Photo by Mark Oprea
Downtown gained 45 new retail businesses in 2022, DCA's year-in-review report found. But others were vacated
In its recap of 2022, shared Thursday, the Downtown Cleveland Alliance was both realistic about current struggles and forward-thinking in terms of a rebound.
Spotlighting Cleveland's office-to-apartment conversions as well as downtown's retail vacancies, hopes for more bike lanes and more pedestrian-friendly streets alongside neighborhood population growth, the report was a mix of Covid-era ills and signs of optimism in the future.
"The persistence of remote work, perceptions of public safety and aging public infrastructure contribute to this environment," the report reads. "But in the face of these headwinds, Downtown Cleveland has remained resilient."
Quite resilient, DCA found, at least compared to its usual cast of comparable peer cities, like Columbus and Pittsburgh.
A foot traffic report, formulated with anonymous cell phone data, shows a slight spike in Downtown visitors from 2021 to 2022.
Downtown Cleveland's occupancy rate for office space, DCA found, is at about 84 percent, roughly the same as Downtown Cincinnati's. Downtown Detroit's offices are 86 percent full; Philadelphia's at 85.2 percent.
Though DCA gloats that Downtown Cleveland saw the "largest net absorption of Class A office space"—typically the top-shelf, high-priced spots—the Wall Street Journal reports that, as in New York and Detroit, that upper-echelon, Class A space could be heading towards a downward trend
like its lower-cost competitors.
There was, however, an "overall loss in all classes" of office space, Audrey Gerlach, VP of Economic Development & Chief of Staff at Downtown Cleveland Alliance, told Scene. "
If you're an office employer and you want workers to be back in the space, you want to be in a space that is attractive, especially as employers tend to move to smaller footprints. Especially if most of these employers are hybrid."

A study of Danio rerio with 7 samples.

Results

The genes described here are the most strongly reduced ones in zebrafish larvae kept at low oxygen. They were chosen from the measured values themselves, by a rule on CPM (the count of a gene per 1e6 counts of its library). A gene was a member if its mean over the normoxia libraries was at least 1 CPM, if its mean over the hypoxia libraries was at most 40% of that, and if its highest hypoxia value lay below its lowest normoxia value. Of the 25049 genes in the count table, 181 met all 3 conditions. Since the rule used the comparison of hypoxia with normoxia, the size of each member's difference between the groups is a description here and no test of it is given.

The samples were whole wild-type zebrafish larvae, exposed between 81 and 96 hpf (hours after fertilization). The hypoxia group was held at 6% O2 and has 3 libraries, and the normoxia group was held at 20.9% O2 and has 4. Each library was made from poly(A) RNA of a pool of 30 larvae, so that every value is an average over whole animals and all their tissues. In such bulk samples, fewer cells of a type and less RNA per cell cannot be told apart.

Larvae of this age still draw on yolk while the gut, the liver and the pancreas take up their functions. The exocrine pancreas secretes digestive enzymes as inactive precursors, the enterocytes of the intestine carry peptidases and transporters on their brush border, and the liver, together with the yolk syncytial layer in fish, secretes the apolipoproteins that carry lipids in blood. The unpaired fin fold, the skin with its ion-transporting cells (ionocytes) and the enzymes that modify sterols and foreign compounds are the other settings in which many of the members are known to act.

As for the push for Downtown to retire its perception as a central business district and put on the image of a residential neighborhood, the results were mixed.
While Downtown's population leapt up to 20,750—with just 114 rental units added, namely 75 Public Square, compared to 1,000 units added in 2020—the home ownership realm was a little bit more murky. Though there were 112 sales last year, Downtown has the lowest homeowner rate compared to 11 peer cities, such as Detroit and Philadelphia.
"It's definitely a challenge in this market," Gerlach said. "It's the supply side issue. But there's demand. And we just need to make it easy, and a little less risky."
But, after all, there's always this year. Next
It's possible that, with the $1 billion or so in investment Downtown in the next few years—spread out among 16 projects—that the so-called neighborhood-in-transition could reach a tipping point.
The 3,000 or so workers the $300 million Sherwin Williams HQ tower is promising to bring, along with East 4th's public-art revamp could, if completed on time, buck major negativity in the future.
"I think development begets development largely, and I think we've seen that Downtown in the last 10 years," Gerlach said. "What we're seeing is a theme of connection. Adding housing and green space. Growing the population. It's not you get one thing done and that's it. This is an ecosystem."